Aluminum, which is often referred to as a "miracle metal," is the second most widely used metal in building after steel. First, used as decorative detailing and then in roofing, flashing and wall panels, it is now considered as a construction material that is energy-efficient and sustainable. In the United States, aluminum-intensive Leadership in Energy and Environmental Design-certified (LEED) buildings have won awards for sustainability, thereby making aluminum the building material of choice. Used in residential and commercial construction often as external cladding and building facades, aluminum composite panels (ACP), a flat panel made of two thin aluminum sheets bonded to a non-aluminum core, combines aesthetics, durability and affordability while providing environmental benefits.
Aluminum is available in a variety of lengths and widths and can be easily formed into various shapes as it can be bent, curved and joined together in many different configurations. Some manufacturers produce ACP that snap together and can be installed on wood frame, concrete, or steel studded buildings. The use of aluminum in building projects helps qualify for green building status under LEED standards because it is easily recycled. It loses none of its properties during the recycling process, which reduces the use of energy by over 90 percent versus the higher energy-intensive process required to produce new aluminum from raw materials.
Aluminum composite panels, though as strong as steel, are lightweight, thereby saving costs by reducing structural steel support requirements. Not only can structures made with aluminum weigh up to 65 percent less than steel, but aluminum is durable, resistant to corrosion, and requires minimal maintenance. It is not required that ACP be painted, but they can be finished in virtually any color and remain consistent from one panel to the next. They can also be etched with designs and made in patterns that resemble other materials, such as wood or marble. Aluminum panels are cost effective in that they can typically be installed faster than alternative exteriors such as granite or brick. Maintenance costs are reduced because panels eliminate the concerns over mold and mildew and retain their luster for years. Energy costs are also reduced as ACPs help provide insulation.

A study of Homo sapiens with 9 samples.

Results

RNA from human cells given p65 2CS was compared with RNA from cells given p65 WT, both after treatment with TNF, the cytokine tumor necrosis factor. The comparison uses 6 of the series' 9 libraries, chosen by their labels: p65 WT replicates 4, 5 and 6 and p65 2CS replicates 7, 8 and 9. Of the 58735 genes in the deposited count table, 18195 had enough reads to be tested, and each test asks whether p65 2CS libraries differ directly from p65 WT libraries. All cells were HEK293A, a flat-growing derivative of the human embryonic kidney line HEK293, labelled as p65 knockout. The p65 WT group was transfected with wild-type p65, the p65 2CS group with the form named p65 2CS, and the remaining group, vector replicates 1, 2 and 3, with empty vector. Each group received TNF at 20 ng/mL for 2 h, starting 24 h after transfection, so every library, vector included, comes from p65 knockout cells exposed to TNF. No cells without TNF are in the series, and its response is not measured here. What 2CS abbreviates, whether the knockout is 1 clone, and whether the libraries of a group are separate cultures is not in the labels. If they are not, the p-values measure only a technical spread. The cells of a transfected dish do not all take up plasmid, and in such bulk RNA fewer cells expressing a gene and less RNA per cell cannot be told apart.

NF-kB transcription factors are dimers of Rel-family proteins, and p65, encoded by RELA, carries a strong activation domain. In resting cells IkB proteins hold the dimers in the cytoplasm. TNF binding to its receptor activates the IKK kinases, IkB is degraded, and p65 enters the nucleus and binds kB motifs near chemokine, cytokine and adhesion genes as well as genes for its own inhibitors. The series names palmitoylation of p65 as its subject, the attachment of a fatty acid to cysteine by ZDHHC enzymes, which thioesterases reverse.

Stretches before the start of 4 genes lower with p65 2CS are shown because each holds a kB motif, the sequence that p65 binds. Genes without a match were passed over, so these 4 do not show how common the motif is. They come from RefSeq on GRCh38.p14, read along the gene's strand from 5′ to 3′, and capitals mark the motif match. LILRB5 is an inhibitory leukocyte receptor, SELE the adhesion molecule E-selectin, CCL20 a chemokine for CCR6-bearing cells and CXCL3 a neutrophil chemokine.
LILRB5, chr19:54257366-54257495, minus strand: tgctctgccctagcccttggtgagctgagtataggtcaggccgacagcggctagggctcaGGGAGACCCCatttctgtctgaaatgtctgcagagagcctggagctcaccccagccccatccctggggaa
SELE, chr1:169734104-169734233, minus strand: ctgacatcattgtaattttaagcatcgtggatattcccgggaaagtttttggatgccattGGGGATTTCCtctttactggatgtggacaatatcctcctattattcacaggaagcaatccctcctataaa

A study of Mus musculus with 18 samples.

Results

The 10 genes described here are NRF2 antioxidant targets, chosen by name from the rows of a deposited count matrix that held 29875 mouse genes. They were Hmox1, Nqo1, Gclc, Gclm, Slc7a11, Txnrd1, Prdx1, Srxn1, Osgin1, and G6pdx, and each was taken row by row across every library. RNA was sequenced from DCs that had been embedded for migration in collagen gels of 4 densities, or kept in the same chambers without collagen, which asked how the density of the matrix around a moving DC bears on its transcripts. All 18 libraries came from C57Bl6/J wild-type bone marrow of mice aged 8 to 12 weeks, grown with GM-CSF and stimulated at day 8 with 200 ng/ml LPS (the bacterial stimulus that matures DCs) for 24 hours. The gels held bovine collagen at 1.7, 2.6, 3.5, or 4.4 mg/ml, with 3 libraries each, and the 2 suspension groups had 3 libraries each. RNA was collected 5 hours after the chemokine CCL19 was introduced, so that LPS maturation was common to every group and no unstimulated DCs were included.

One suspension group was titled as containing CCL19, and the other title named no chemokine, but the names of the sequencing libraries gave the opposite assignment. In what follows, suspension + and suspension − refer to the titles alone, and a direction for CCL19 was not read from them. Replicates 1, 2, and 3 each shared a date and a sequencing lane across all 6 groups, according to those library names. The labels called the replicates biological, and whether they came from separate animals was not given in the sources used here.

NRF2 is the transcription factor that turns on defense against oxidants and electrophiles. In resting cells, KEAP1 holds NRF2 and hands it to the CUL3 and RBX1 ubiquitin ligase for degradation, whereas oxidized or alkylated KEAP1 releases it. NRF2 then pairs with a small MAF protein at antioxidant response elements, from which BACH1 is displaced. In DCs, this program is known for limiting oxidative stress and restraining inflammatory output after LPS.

One of the disadvantages of using aluminum composite panels is that noise is sometimes caused by rain falling on aluminum. Aluminum panels of an inferior quality and that have not been reinforced in the manufacturing process to make them more susceptible to damage can easily be dented, especially when forcefully struck by heavy rain. Likewise, aluminum panels may become scratched, and pre-colored aluminum panels may fade or turn chalky when exposed to the elements after only a few years.
Although aluminum panels are a great barrier to air and water, waterproofing is necessary or moisture will enter the seams around or above the panels. Furthermore, aluminum panels reduce construction time and labor costs as they can be installed all year long, including periods of unpleasant weather. However, they are more expensive compared to traditional materials.